Providing for Consideration of H.R. Lower Energy Costs Act

Floor Speech

Date: March 28, 2023
Location: Washington, DC


Mr. BURGESS. Mr. Speaker, I thank the gentleman for yielding. I do want to rise in support of the rule and in support of the underlying bill.

It is interesting that our Secretary of Energy, Secretary Granholm, came to Austin, Texas, 3 or 4 weeks ago and talked about how we should learn from the communist Chinese and their approach to climate change. Talk about putting polluters over people. If she would consult her own energy information agency, she would see that China gets 55 percent of its energy from coal, whereas the United States gets 11 percent of its energy from coal.

Guess what? China is building more and more coal-fired plants each and every week that goes by.

So who, indeed, is putting polluters over people?

I submit it is this administration, and in the last Congress it was congressional Democrats.

This bill before us today is a culmination of years of hard work by the Committee on Energy and Commerce, the Committee on Natural Resources, and the Committee on Transportation and Infrastructure. It is a critical step forward.

One of the things that I have worked on for a number of years is the Promoting Interagency Coordination for Review of Natural Gas Pipelines Act. It is included in this bill. I think it is critically important, not just for a State like Texas but, literally, the entire country. I am grateful that other Republicans Members saw fit to include this legislation as we seek to address the obstacles preventing Americans from actually achieving lower energy costs.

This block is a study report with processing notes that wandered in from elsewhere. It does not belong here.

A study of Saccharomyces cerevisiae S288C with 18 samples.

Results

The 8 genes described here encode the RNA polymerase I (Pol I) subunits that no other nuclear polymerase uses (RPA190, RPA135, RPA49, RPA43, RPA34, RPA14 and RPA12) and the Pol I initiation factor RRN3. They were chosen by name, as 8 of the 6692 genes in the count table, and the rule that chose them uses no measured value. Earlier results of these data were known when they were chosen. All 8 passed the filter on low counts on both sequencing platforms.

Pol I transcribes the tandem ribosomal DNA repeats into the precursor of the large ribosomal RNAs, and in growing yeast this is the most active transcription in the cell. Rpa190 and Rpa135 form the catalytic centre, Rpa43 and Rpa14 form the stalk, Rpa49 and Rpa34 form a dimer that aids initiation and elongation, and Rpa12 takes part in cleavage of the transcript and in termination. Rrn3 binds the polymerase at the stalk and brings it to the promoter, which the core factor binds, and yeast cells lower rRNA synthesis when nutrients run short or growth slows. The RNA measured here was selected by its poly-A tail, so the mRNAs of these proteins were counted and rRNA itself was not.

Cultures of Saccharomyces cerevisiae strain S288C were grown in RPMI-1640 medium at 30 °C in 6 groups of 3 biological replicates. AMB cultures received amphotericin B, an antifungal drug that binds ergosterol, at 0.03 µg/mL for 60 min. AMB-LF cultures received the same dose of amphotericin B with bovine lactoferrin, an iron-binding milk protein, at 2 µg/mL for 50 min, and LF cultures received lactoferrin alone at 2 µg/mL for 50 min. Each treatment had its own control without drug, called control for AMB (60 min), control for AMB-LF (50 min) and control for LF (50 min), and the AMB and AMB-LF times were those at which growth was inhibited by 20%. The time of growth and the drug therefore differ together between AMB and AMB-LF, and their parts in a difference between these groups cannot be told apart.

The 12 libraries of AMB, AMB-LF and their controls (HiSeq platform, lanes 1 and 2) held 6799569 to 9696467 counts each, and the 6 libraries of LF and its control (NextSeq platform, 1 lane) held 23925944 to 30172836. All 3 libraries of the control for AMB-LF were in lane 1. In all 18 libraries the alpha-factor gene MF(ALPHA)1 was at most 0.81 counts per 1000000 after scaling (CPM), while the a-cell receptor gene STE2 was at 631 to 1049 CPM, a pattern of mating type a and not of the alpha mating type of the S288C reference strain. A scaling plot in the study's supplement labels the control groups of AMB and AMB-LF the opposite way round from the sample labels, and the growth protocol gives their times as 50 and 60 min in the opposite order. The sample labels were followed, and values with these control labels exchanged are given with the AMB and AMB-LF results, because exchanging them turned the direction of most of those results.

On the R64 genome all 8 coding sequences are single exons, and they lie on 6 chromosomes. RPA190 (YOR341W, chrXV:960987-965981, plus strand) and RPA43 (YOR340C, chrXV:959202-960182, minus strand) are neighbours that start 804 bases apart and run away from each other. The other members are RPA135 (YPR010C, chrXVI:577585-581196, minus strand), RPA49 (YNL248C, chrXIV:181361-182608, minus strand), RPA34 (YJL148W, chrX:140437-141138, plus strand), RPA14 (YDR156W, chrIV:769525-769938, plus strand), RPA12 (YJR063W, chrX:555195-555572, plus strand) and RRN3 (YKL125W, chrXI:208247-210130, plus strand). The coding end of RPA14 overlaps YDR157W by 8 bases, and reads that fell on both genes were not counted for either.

In less than 2\1/2\ years, we have gone from relative energy abundance to energy scarcity. We have gone from energy affordability to energy unaffordability.

Why in the world would we want to continue down that pathway?

H.R. 1 also contains the repeal of section 50131 of the Inflation Reduction Act. This provided a billion dollars to coerce State and local governments into adopting costly energy codes. If these grants were allowed to stand, they would take away local control over energy code adoption and Federalize these overreaching mandates.

Efforts to push costly and restrictive energy codes across the country overburden new construction and largely ignore the energy performance of the existing housing stock. New homes built to modern codes are already energy efficient, and further increases in that stringency must be carefully considered because, in fact, we are not doing that with these grant programs.

Mr. Speaker, 2 years ago the Congress started with what was called the American Rescue Plan. It brought us high inflation and it brought us high prices. This is truly the American Rescue Plan. Let's put energy affordability back within the reach of the average American.